Adjusting a modern hearing aid to fit the wearer’s individual needs may take multiple visits to a trained audiologist. To bypass this drawn-out process, tech-savvy hearing aid users are figuring out ways to tweak the devices to improve their hearing, BBC News reports.

One such hacker, the Munich-based software engineer Helga Velroyen, noted that because the average age of a first-time German hearing aid buyer is 70, the hearing aids are kept simple to appeal to that audience. “Young people who grew up with computers and have a smartphone have the desire to have more control over their devices and would not mind a more sophisticated interface,” she said.

Another frustration that inspires hacking, according to Velroyen, is that many of the parts and accessories for hearing aids are not interchangeable among different brands.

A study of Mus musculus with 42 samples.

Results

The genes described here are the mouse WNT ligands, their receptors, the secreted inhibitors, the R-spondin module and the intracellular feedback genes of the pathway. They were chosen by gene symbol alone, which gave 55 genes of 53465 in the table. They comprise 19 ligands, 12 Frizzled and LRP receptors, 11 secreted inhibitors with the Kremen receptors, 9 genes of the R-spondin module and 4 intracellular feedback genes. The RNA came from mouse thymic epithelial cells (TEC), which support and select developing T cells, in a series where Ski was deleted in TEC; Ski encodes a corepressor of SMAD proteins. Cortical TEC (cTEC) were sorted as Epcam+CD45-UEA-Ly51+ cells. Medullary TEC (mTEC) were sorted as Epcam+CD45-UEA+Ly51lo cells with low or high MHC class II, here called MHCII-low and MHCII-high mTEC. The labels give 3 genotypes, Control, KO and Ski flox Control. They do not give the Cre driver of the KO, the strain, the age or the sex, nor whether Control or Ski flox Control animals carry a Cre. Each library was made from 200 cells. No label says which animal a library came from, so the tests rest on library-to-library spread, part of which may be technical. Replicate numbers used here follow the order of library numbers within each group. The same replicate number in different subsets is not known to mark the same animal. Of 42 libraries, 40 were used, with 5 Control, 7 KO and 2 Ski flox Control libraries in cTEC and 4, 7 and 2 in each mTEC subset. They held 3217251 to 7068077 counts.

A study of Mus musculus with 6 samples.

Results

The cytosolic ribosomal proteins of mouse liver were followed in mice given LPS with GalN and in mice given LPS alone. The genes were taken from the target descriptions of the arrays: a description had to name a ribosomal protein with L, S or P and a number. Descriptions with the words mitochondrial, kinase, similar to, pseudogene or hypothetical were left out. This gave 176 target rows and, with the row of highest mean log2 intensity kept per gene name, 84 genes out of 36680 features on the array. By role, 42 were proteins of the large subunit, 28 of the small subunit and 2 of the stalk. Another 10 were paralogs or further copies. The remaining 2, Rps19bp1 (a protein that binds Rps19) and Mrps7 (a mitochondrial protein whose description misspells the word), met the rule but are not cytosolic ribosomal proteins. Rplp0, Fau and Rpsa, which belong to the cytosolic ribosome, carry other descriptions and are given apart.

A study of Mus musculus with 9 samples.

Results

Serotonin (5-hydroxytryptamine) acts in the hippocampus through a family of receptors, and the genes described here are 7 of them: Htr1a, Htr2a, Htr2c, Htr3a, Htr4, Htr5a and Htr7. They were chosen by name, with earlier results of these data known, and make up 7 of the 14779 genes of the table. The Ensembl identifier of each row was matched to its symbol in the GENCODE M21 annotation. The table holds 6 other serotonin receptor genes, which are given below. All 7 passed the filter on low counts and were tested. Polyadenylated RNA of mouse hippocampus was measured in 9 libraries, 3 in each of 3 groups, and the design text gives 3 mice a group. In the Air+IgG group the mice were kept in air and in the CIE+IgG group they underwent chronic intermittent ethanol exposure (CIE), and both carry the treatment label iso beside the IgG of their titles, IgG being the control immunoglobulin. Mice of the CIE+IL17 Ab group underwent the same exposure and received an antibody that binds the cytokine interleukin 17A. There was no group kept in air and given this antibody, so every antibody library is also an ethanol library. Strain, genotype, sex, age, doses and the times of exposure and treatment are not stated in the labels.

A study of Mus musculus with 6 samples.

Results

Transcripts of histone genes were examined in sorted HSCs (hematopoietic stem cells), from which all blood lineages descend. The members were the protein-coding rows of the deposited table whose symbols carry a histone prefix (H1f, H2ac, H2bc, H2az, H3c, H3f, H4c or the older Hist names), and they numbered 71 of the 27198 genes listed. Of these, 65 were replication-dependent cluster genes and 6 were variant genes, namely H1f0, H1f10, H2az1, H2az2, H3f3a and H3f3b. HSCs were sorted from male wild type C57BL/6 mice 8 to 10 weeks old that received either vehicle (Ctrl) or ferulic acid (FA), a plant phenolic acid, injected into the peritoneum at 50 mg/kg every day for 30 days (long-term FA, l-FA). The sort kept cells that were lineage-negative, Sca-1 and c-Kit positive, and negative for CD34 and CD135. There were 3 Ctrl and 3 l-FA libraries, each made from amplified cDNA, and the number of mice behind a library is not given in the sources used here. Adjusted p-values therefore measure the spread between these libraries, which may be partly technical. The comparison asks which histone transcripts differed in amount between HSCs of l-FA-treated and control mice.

Since the equipment needed to tune hearing aids is not available to the general public, some hackers have established fake companies in order to procure it. Others are working on their own hearing aid designs that the wearer can adjust.

“This idea that you are not qualified to tune your own hearing aid that you are wearing for hours and hours every day seems ridiculous,” said Edinburgh-based engineer Martin Ling, who is working on his own hearing aid design and is contemplating a crowd-funded prototype on a site like Kickstarter.

Experts have expressed skepticism about the prospect of such homebrewed hearing aids, noting that established manufacturers have invested huge sums in developing the models that are currently available. As Kevin Munro, PhD, a professor of audiology at the University of Manchester, said: “They are not the sorts of things you can throw together in a garden shed.”